Betsy DeVos, selected for Education Secretary by President-elect Donald Trump speaks in Grand Rapids, Mich., on Dec. 9. Her confirmation hearing is slated for Jan 11.

With a confirmation hearing for education secretary nominee Betsy DeVos slated for next week, her advocacy for school choice initiatives in Detroit has taken center stage.

But DeVos, a Michigan billionaire and longtime education activist, indicated her support for an education proposal that split Republicans during the passage of a new federal education law, according to U.S. Sen. Steve Daines, who championed the plan.

The proposal, known as the A-PLUS Act, would have allowed states to opt out of federal accountability programs and receive their federal funding in the form of block grants, which would allow schools to spend the money with greater discretion. Federal funds are often tied to specific programs.

Daines and his Montana counterpart, U.S. Sen. Jon Tester, met with DeVos in separate meetings Thursday. Her hearing is slated for Jan. 11.

The act was proposed as an amendment to the Every Student Succeeds Act, which replaced No Child Left Behind last year. The new law was hailed for expanding local control, but Daines argued that it didn’t go far enough and voted against it.

“We want the parents and teachers and students to lead in education instead of a bunch of D.C. bureaucrats,” he said Thursday. “The focus now is to get Betsy DeVos confirmed by the U.S. Senate.”

Sen. Lamar Alexander, R-Tenn., who shepherded the bill’s passage, opposed Daines’ plan.

“This is unnecessary, misintentioned, won't pass, and undermines the bipartisan agreement that we've reached,” he said shortly before it was voted down.

School choice

Most debate surrounding DeVos' nomination has zeroed in on her record in Michigan, where she helped establish one of the largest charter-school programs in the nation. She consistently advocated for using public money to pay for private education, arguing that it gave students options to escape low-achieving schools, similar to a $20 billion school choice proposal President-elect Donald Trump floated on the campaign trail.

It’s unclear how much of an impact a federal school choice program would have on rural states like Montana, where it would be a major departure from current policy.

Montana dipped a toe into the school choice pool in 2015 when it passed a law allowing a $150 tax credit for donations that support nonprofit scholarship organizations that help pay for students to attend private schools, but even that law is under legal challenge.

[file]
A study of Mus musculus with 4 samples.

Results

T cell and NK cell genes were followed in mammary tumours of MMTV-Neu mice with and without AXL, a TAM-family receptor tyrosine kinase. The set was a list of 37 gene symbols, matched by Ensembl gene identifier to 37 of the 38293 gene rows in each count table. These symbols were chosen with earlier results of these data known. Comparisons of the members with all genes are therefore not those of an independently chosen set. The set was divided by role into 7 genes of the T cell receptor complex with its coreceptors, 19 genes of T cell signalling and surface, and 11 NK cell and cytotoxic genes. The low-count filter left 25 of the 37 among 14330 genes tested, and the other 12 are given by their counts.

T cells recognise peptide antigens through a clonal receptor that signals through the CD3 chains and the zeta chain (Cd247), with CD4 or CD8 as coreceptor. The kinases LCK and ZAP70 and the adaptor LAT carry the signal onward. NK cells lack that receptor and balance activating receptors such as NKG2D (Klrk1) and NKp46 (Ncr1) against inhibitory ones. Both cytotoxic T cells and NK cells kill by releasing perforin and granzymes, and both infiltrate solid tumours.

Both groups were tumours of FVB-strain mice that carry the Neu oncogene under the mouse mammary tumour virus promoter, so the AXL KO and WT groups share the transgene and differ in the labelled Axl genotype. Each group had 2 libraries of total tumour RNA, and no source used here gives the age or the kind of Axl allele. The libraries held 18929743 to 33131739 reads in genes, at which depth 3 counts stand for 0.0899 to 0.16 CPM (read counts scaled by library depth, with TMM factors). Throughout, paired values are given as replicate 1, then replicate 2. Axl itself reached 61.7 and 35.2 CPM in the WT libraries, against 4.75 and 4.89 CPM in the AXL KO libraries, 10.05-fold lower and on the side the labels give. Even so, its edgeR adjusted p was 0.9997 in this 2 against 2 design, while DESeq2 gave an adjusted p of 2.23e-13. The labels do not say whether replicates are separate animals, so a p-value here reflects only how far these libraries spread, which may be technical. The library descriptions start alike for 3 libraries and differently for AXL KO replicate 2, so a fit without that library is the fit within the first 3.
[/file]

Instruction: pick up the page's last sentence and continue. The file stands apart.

Most public school advocates in Montana frame school choice as a policy that would shift public money into private schools — public schools would be harmed as students and funding were siphoned off, with a disproportionate effect on rural schools with small enrollments, assuming they had other nearby education options.

“You start pulling kids out of these schools, and it might be for the best intentions, but it impacts more people negatively than it impacts people positively,” Tester said. “I think that the rural perspective versus the Detroit perspective are light years apart.”

Tester said he didn’t discuss any specific school choice proposals with DeVos. When asked about a potential federal choice program, Daines reiterated that he opposed federal mandates without specifically addressing charter or voucher programs.

In states that have embraced school choice initiatives, like Arizona, participation in rural areas has been small. Education leaders in North and South Dakota have been skeptical of the feasibility of setting up charter schools in states with a small population spread across a vast area.

“Whether there’s demand for it or not, I think there will be certain people who set it up,” said Tester, who previously taught in Big Sandy and was later a school trustee. “When that happens, that will take (per-student funding) away from these small schools.”

Other issues

Both senators said DeVos indicated that she’d review rules created by the Obama Administration for ESSA implementation; Democrats and Republicans have criticized some rules, and congressional Republicans have targeted certain provisions they can strike during review of the rules.

Tester said he received a “mixed answer” from DeVos about teacher certification, saying she supported both the idea of strong requirements for teachers and options with minimal requirements. Teacher certification reform is often considered as a tool for combating teacher shortages, like the one in rural Montana, though critics say teacher quality can suffer.

Montana, which sets its own teacher standards, recently eased some certification requirements, but other states have made more sweeping changes.

“It is a state-level decision, but if you have an education secretary saying, ‘You know what, teacher accreditation is not that important,’ that goes back to the state,” Tester said. “Their views tend to percolate down to the local level.”

Tester also had concerns about a lack of emphasis on funding for students with disabilities, but said he was encouraged that DeVos voiced support for Pell Grants and that she said she was concerned about the affordability of college.

Daines reiterated his opposition to Common Core standards, framing them as a federal mandate. Montana adopted standards that largely reflect Common Core at a state level in 2011, authorized by the Montana Board of Public Education. Devos has said she wants to end Common Core, but ESSA doesn't allow the federal government to prescribe — or revoke — state-level education standards. 



Education Reporter

Education reporter for the Billings Gazette.